The agreement by the Labour and Green Parties to work together is worthless, New Zealand First leader Winston Peters says.
Yesterday, the two parties signed a Memorandum of Understanding (MoU) that committed them to work closer together at Parliament, and on policy or campaign announcements.
However, the MoU would only last until the election, so it would not take the shape of a formal coalition.
Labour leader Andrew Little said the party's agreement to work together with the Green Party demonstrated a real commitment to changing the government.
Mr Little told Morning Report they were still talking about tactics, but together were polling roughly five points behind National, so as a block they were very competitive.
"We've got to demonstrate to New Zealand and show publicly that we are working together, that we can work together and we are strong. We have a common objective - we have to change the government."
Green co-leader Metiria Turei told Morning Report they were a credible alternative for next year's election.
"We want to lead a government. We want to work with other parties who are committed to changing from National to a Labour-led government, and we'll be open and transparent about that with the public."
Ms Turei said the two parties were also completely open to working with New Zealand First.
But Winston Peters has declined to say whether his party would be part of a Labour-Green government.
Economic Development Minister Steven Joyce said the government was not worried by Labour and the Greens teaming up to fight the next election.
Mr Joyce, who is also a National Party strategist, told Morning Report the two parties did not appear to have any joint policy initiatives.
He said nothing had really changed because National had always taken the view that Labour and the Greens together was what the government faced politically.
Mr Joyce said the move would not send National running to New Zealand First to try and shore up its position.
Earlier, Mr Little said this was the first step in showing New Zealand there was a stable alternative option to the current government.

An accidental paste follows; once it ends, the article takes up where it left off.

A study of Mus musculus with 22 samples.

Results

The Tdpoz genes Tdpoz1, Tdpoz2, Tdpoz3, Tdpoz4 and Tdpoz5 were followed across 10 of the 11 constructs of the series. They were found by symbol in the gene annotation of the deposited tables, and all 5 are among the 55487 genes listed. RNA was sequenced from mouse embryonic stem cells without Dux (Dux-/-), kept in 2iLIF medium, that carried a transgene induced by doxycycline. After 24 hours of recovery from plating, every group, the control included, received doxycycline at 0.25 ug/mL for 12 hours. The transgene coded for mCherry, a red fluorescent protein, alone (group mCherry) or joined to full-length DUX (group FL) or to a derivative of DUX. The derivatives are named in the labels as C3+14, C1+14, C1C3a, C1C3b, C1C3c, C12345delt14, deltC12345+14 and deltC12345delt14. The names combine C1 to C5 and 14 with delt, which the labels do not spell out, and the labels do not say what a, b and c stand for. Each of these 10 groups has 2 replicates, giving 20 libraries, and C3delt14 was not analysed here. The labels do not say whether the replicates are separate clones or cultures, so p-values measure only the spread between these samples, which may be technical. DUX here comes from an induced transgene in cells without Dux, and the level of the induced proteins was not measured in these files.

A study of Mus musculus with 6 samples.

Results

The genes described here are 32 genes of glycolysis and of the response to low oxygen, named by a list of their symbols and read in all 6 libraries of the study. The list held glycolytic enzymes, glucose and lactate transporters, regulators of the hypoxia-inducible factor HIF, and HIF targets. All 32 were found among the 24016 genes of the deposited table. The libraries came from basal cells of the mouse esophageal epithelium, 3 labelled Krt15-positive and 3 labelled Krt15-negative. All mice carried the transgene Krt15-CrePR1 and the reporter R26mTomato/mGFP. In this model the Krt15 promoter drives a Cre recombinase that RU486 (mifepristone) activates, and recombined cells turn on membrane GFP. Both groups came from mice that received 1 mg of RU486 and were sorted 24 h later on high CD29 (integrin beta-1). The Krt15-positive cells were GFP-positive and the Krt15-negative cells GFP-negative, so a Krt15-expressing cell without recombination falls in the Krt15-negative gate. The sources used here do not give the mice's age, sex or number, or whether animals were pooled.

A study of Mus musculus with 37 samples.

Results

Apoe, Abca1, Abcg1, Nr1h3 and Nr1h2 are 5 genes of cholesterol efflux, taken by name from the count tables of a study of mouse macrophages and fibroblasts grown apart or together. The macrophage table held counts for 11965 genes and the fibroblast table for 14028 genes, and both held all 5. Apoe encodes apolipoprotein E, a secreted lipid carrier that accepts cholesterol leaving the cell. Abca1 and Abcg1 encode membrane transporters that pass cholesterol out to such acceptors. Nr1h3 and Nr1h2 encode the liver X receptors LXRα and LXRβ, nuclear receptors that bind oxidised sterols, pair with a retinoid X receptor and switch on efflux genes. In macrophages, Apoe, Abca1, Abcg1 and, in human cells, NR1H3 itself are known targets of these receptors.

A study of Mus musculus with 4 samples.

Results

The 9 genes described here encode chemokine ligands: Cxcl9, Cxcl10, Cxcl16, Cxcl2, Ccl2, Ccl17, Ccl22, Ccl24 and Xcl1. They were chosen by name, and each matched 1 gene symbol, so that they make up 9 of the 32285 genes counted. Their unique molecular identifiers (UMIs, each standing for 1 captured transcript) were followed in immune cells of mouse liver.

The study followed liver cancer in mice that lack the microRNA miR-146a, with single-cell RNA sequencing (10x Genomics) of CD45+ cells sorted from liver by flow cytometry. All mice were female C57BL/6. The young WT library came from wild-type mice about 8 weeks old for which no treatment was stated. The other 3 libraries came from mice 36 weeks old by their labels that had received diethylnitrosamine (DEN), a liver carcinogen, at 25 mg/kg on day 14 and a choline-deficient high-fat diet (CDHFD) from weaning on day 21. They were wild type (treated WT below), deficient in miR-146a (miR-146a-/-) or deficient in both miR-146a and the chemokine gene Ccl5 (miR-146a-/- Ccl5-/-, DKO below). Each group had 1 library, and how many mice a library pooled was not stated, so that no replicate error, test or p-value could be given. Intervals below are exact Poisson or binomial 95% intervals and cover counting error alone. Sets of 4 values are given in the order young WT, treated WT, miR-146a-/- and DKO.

"Voters want to know that there are opposition parties who are capable of working together, can work strongly together and can offer stability and certainty. And that's what this agreement is about, that's what we will demonstrate.
The issue of government formation follows once the voters have their say. We cannot get ahead of ourselves, that would be arrogant," he said.
Despite Mr Little's refusal to talk about possible future coalitions, the parties have had to fend off plenty of questions about New Zealand First.
There has been tension in the past between Labour, Greens and New Zealand First after former Labour leader Helen Clark spurned the Greens for a deal with Mr Peters in 2005.
Mr Peters said the new Memorandum of Understanding was "worthless".
He wouldn't say if his party would be part of a Labour-Green government, saying it was "mathematical crap".
"If I was a Green member, I would wonder why I'm compromising my party's position. If I was a Labour supporter, I'd wonder why I'm compromising my party's position. But if you're a New Zealand First supporter, you'd never have to ask that question," he said.
Mr Little is planning on making a speech at the Green Party annual general meeting this weekend. It will be the first time a Labour Party leader has spoken at the conference.